JOHANNESBURG, South Africa -- An American dining in South Africa might not realize at first that he or she is away from home. Most of the food is that familiar. But just a little digging turns up some exotic differences.
South African culinary pioneer C. Louis Leipoldt, a physician and Afrikaans-language poet who wrote many books on the subject, credited his knowledge to the old "colored" woman who brought the spices of her ancestral Malaya to the Cape Town kitchen of his parents. He remembers especially the "free, almost heroic use of spices and aromatic flavorings" -- chilies, ginger, cumin, coriander, garlic, tamarind, tumeric, black pepper, mace, nutmeg, saffron, cinnamon, dried coconut.
That flavorful history is strongly evoked in a modern South African dish in which the Malay spices are sweet instead of hot, called bobotie. Curry powder, tumeric, cumin, fennel and coriander flavor minced white fish and shrimp, with an egg custard on top.
In today's Johannesburg, a restaurant called Leipoldt's, named for the pioneer, serves up an astonishing array of his favorite recipes in an incredible, 65-item buffet line. A meal there is a literal culinary safari. Consider:
Curried hake pate, lentils in butter and onion, fava beans with white-hot curry, sugared pumpkin croquettes, lentils with sweet onion and curry. Then venison croquettes, deep, dark, redolent of cumin. Chewy crocodile tail in butter and curry. Springbok in gooseberry sauce, tender, mild, finely textured. Boervoers, the firm South African pork sausage in rich tomato sauce. Ostrich in lychee sauce, chewy, leafy, deep, firm. Cape buffalo: dark, rich, big-grained, tooth-resistant, like tearing a haunch off a dinosaur as it crashes by. Tripe that is buttery, fat, fork-tender.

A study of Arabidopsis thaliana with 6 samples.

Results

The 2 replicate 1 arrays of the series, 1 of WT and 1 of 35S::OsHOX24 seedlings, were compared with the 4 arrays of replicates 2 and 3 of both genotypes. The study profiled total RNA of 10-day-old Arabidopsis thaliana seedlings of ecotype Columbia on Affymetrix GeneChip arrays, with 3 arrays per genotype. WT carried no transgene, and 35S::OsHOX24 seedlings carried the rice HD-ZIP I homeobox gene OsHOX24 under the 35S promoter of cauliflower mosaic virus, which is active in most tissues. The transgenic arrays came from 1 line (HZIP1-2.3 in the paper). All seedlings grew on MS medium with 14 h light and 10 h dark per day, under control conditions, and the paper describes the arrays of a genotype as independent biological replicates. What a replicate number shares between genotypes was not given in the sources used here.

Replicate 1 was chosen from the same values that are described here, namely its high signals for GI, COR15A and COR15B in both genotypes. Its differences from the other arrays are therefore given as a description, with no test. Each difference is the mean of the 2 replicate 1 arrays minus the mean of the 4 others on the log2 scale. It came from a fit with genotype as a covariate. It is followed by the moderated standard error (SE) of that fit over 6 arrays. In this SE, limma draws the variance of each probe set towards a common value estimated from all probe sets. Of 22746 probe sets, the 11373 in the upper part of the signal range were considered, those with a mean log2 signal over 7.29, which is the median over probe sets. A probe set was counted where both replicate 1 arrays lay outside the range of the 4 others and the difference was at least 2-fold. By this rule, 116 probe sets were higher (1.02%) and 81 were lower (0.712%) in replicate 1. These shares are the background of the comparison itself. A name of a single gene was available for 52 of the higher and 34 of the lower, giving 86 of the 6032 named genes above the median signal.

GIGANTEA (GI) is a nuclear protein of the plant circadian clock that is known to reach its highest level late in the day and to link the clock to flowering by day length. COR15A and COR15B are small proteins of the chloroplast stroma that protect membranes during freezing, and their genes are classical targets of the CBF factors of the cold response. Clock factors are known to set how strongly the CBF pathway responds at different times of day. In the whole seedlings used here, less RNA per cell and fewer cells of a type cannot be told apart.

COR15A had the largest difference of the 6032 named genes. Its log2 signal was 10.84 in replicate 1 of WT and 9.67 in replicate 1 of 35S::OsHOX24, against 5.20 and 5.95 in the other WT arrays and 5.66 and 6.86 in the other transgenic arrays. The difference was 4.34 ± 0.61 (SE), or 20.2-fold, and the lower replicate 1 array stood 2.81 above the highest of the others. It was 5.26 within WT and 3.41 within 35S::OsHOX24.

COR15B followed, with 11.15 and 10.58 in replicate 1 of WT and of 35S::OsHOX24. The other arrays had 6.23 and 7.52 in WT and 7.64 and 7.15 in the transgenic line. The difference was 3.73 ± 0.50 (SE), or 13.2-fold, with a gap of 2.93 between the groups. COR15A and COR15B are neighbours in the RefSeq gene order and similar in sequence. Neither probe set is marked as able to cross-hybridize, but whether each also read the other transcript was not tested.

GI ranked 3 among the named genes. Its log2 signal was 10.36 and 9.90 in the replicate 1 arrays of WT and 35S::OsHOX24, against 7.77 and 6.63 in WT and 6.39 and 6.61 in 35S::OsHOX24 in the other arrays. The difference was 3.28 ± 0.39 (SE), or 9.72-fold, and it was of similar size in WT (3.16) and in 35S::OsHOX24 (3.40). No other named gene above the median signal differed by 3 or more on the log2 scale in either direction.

From Leipoldt's book, Cape Cookery (W.J. Flesch & Co., $12), you learn that even this is city slicker fare. In his early-1900s youth, Leipoldt went with hunters into the veldt and learned to cook game on the spot. Game that, even in 1947 when his book was written, could no longer legally be shot:
* Breast of flamingo: Simmered in red wine, cloves, onions and scented verbena, "it is, of all bird flesh, perhaps the most tender, tasty and delicate."
* Hippopotamus: Pot roasted with spices and herbs, but only the breast and back muscles -- even then too greasy for most.
* Fried locusts: Shallow-fried in salt and pepper after the wings, heads and legs have been nipped off leaving only the thorax and abdomen, "they taste not unlike white fish that, somehow, has been stuffed with buttered toast."
* Lion steaks: Fried, after marinating in wine and vinegar.
* Python: Roasted after its fat is first parboiled away, it is "tender, savory and like that of a well-fed pig."
Giraffe is coarse and stringy except for its succulent tongue; wildebeest is tough and tasteless throughout; zebra is so fine it wants only frying in its own, deep-yellow fat; elephant foot roasted under ashes is bland but filling.
Camp soup? It takes days, cooked in a truly mammoth pot. It is meant for when your hunting party has run out of tastier fare and is threatened with starvation.
Ingredients? You don't want to know.